Colorado wildfire displaces people and their pets

The worst wildfire in Colorado history is taking its toll on area residents — both the two- and four-legged kind.

The High Park fire is doused with flame retardant dropped by a heavy air tanker. (Photo credit: Time)

Though area firefighters continue to make progress in battling the “super fire,” the Waldo Canyon Fire is still raging.

One of the areas most affected by the blaze is in and around Colorado Springs, where one person lost their life, 10 are currently missing, and nearly 350 homes have been destroyed. The Largent family lost their home to the blaze, but with their family members accounted for — including the family cat — they are counting themselves lucky. “We got us out, our daughter out, and our cat out,” says Byron Largent. “What else matters?”

Thousands of people have already been evacuated, and while some of them are able to bring their pets with them, other families have had to board their dogs, cats, horses, and more until they get the all clear to return to the area.

The Humane Society of the Pikes Peak Region (HSPPR) has set up a website for evacuees that list area shelters and facilities that will board pets during the evacuation process. The site is also calling for volunteer assistance, much-needed supplies, and monetary donations to help cover the cost of caring for pets displaced by the wildfire.

The HSPPR is also one of many locations that have opened its doors to pets during this difficult time, offering to board animal companions that cannot accompany their human families during the evacuation. Since the start of the blaze, the organization has taken in over 250 pets. There has been such a need to house pets that the HSPPR has had to set up an emergency shelter at the Freedom Financial Service Expo Center, which is currently housing about 170 pets — everything from dogs and cats to birds, ferrets, and bunnies.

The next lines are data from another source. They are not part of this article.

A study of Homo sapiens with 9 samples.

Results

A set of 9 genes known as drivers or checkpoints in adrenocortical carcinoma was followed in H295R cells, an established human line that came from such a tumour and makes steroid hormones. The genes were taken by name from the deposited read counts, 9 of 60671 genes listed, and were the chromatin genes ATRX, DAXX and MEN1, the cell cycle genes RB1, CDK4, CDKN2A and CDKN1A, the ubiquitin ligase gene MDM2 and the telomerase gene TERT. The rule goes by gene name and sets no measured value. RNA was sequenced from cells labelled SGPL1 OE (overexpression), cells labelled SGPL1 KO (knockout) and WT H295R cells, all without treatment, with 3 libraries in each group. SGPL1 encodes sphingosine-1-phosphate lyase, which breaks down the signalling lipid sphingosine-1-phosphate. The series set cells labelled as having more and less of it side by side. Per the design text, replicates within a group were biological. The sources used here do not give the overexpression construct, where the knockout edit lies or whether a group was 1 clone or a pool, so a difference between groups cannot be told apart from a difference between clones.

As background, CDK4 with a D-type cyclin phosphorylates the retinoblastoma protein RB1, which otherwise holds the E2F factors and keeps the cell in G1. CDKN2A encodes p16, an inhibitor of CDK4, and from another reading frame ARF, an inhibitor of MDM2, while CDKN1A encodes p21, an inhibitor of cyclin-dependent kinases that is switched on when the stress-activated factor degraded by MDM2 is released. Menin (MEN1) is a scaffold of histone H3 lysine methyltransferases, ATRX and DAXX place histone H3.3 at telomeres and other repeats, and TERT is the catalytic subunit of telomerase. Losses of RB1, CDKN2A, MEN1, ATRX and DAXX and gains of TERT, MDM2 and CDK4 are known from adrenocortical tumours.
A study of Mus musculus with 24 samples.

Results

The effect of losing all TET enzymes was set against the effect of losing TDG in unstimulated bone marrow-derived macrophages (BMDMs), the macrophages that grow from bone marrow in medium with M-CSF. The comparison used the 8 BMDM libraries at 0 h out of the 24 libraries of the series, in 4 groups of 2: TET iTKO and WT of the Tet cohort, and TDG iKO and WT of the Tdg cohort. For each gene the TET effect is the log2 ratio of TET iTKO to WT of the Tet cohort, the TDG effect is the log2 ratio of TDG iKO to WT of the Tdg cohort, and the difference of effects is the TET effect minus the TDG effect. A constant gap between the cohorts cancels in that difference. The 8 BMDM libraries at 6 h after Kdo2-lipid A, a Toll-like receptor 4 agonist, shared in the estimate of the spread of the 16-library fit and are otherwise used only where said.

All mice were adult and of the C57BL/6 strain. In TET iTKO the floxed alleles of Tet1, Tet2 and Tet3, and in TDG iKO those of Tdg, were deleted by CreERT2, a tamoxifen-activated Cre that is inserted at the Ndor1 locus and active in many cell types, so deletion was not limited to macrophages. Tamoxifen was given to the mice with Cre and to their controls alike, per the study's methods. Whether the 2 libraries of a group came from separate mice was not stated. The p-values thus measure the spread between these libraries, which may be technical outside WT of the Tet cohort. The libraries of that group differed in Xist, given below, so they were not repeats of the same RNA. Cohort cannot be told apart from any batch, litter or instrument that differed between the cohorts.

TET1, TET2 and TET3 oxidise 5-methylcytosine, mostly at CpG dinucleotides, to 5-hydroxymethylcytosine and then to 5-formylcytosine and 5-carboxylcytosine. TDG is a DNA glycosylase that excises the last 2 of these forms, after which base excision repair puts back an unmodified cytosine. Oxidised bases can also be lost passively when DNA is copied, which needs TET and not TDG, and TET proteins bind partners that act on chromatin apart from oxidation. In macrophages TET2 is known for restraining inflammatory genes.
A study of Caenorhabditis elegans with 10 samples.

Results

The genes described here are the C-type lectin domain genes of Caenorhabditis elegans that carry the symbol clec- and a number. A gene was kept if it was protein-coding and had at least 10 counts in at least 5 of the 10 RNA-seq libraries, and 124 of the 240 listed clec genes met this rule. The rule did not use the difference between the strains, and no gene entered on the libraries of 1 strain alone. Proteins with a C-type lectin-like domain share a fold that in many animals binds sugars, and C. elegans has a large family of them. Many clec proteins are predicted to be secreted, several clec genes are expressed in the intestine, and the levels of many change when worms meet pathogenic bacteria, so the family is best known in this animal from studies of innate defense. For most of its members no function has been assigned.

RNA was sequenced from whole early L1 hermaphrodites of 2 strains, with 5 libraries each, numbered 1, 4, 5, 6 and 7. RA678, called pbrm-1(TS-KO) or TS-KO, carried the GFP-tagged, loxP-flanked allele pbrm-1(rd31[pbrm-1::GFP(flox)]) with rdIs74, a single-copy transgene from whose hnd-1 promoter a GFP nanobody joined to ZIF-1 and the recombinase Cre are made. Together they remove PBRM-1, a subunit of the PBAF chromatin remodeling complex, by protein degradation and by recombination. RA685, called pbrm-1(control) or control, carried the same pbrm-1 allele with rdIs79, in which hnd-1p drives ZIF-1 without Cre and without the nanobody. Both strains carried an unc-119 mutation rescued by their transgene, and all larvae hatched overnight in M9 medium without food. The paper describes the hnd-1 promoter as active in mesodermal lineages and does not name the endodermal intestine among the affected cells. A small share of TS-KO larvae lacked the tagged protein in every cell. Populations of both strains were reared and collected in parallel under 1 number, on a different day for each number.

“It’s such an emotional time for our community,” says HSPPR Communication Specialist Erica Meyer. “There’s such a sense of loss and so we’re doing out best to care for animals.”

Volunteers have stepped up and offered their help during the crisis, including Barbara Yaschick, who is trying to pay it forward after the Manitou Springs resident had to evacuate her home. “Family and friends came over and evacuated my animals, two dogs and a bird, so I’m just trying to do another turn,” she says.

The Larimer Humane Society in Fort Collins, Colorado is also boarding evacuees’ pets at no charge. Resident Michael Scronce, who has had to evacuate his home three times since the start of the fire, had to leave his Doberman Pinscher and Pit BullWhippet mix at the Larimer Humane Society for 15 days. Scronce was more than grateful for the help the organization provided. “I hope people understand how incredible it is to not have to worry about your dogs when you get displaced by a fire,” he told the staff there. “You took my worries away and that really helped me a lot.”

Larimer Humane Society rescue crews have been sent out to High Park area neighborhoods rescuing animals that have been left behind. The organization has been checking in on pets, bringing them food and water and attending to medical needs.

The Colorado State Veterinary Teaching Hospital in Fort Collins is also housing evacuees’ pets, serving as an overflow shelter for the Larimer Humane Society. CSU veterinarians and veterinary students have been working around the clock to care for more than 100 small animals, and even check in on the horses, donkeys, and sheep taken in at a Larimer County facility nearby.

For an up-to-date map and information about the Waldo Canyon Fire, check out the Colorado Division of Emergency Management website and the Google Crisis Response map. For information about helping your pets during a wildfire, check out the article “Wildfires and Pet Safety” on the DogTime Dog Blog. If you’re wondering how you can help pets and their people affected by the wildfire, check out the Humane Society of the Pikes Peak Region Volunteer page.